How to Work Remotely and Still Feel Part of the Team

April 11, 2018

More and more companies are letting their employees work remotely for the enormous benefits to the business and its employees. In recognition of virtual teams increasing in the digital workforce of today, the U. of Southern California states that, “50% of all workers are based overseas.” However, when working remotely, you can lose the sense that you are working as part of a team. Feelings of isolation can decrease your motivation, productivity, and overall satisfaction. So, how do you make yourself feel like an integral part of your virtual team when you’re working remotely?

Below are some tips on how a creative professional can enjoy the perks of working from home while feeling like you belong and are a part of your business’ culture.

Organize A Suitable Workspace

When working remotely, you have to create your own workspace that you’ll be productive in. That means minimizing distractions and supplying yourself with the tools necessary to work remotely. The bare minimum you’ll need for working remotely is a strong internet connection and a laptop. However, for a creative professional, you might want to consider more than internet and a laptop for your setup.

Consider a large desk as a base for projects if you’re working from home, a graphics tablet if you’re a graphic designer, even wireless headphones if they help you focus. Anything you can do to make it easier while working on your project(s) for the day and be productive. Finishing up projects in a timely manner will create a sense of accomplishment that will help you feel part of your virtual team, as when they need finished projects from you, you’ll be able to present it to them — creating a cohesiveness over your virtual team and demonstrating your value to it.

Make Yourself Available for Constant Communication

The only way you’ll feel a part of your team is if you make yourself a part of the team. You can’t expect to build relationships remotely if you don’t do some things that make you feel a part of the team. Perhaps the major drawback from working remotely is the fact that you are isolated from everyone else in the office. This can be overcome if you have the necessary communication tools to keep in contact with people.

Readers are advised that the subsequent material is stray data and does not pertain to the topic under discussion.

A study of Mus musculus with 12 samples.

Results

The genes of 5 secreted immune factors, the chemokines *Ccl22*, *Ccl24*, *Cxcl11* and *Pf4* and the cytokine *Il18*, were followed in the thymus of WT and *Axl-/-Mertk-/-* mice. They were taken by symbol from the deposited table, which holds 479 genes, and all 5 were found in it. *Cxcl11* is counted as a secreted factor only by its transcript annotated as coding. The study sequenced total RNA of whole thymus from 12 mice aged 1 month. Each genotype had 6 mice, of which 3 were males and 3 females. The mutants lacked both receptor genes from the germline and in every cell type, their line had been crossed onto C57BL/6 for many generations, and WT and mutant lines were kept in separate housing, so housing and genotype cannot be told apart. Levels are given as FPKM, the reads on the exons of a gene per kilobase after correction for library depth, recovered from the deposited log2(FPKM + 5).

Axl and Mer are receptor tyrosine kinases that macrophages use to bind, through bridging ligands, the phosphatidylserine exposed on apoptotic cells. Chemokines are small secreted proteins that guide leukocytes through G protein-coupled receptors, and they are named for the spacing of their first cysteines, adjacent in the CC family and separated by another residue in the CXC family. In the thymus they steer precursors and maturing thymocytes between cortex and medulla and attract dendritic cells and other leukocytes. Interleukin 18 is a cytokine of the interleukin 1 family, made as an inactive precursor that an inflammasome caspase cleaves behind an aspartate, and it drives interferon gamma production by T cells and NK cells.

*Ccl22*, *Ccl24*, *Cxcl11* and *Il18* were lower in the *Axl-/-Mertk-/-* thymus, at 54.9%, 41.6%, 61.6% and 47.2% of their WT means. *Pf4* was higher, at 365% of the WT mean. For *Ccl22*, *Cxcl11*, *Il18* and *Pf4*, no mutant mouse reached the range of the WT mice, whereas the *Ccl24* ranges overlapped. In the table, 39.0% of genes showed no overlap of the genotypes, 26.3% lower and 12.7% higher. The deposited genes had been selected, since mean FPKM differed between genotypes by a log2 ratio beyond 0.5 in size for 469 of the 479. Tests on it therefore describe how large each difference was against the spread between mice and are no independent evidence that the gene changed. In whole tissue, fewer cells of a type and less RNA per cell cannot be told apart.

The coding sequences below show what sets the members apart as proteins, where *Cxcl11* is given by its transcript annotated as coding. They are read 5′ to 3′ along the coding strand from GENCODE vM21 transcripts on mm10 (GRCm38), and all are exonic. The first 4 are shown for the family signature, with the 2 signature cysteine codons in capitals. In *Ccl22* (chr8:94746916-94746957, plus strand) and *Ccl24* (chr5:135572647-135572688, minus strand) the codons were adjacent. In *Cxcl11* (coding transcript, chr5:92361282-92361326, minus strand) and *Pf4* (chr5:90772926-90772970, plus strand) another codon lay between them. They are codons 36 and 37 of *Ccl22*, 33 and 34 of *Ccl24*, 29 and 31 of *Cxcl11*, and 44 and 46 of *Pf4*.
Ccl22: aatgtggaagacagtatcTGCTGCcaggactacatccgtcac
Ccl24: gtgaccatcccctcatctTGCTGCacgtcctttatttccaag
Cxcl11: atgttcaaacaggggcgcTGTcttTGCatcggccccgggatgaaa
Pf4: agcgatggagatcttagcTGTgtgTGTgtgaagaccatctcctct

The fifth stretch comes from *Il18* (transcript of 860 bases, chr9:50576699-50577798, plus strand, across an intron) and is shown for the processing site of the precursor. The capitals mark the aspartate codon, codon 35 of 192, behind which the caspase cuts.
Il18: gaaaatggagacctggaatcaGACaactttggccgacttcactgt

A virtual team should have an instant messaging software for real-time messaging, not only for talking through business operations but to also foster chit-chat within the team; chatting with your co-workers will give you a feeling of fellowship even though you are working alone. For example, you could send any co-worker a small message encouraging small talk, and then you’re on your way to developing a friendship.     

For face-to-face interactions, consider a webcam. Messages in the form of text can often get misconstrued, and a face-to-face meeting will help eliminate accidental tension and confusion. Webcams used for conferences, either with a client or a manager, can help you pinpoint exactly what a client wants in a project or what your managers would like from you. There are many teleconferencing applications, with the most notable being Skype. At the end of the day, a face-to-face meeting is quicker and more efficient for business operations.

Involve Yourself

Ultimately, your level of interaction is up to you. Even if you were onsite, you could still feel apart from your team if you don’t actively participate and communicate. It is true that it is harder for remote workers, but the above information can help alleviate many feelings of isolation. In any business, communication is key. It’s up to you to make yourself available for conversation, meetings, and any other ways you can involve yourself and feel connected.

If you work in the same city as your place of employment, it is recommended that you attend company events. Appreciation events, team building exercises, and other meetings will give the interaction you need with your team members — even if that means you have to wear pants. If you are working remotely and far away, think about going to a couple large events that your company may be hosting, such as trade shows. It will help people put a face to your name (if you haven’t held Skype meetings with them) and vice versa.

The perks of working remotely are great, but perhaps the biggest perk is also a drawback. Remote workers, especially for creative professionals such as a freelance designer, may enjoy the peace and solitude and may even find that they are more productive in this setting. However, without the tips above, you may find yourself in a place of isolation and disliking remote work. The information above will give you the interaction you need with a virtual team of your coworkers, allowing you to keep your peace and solitude without it turning into feelings of seclusion.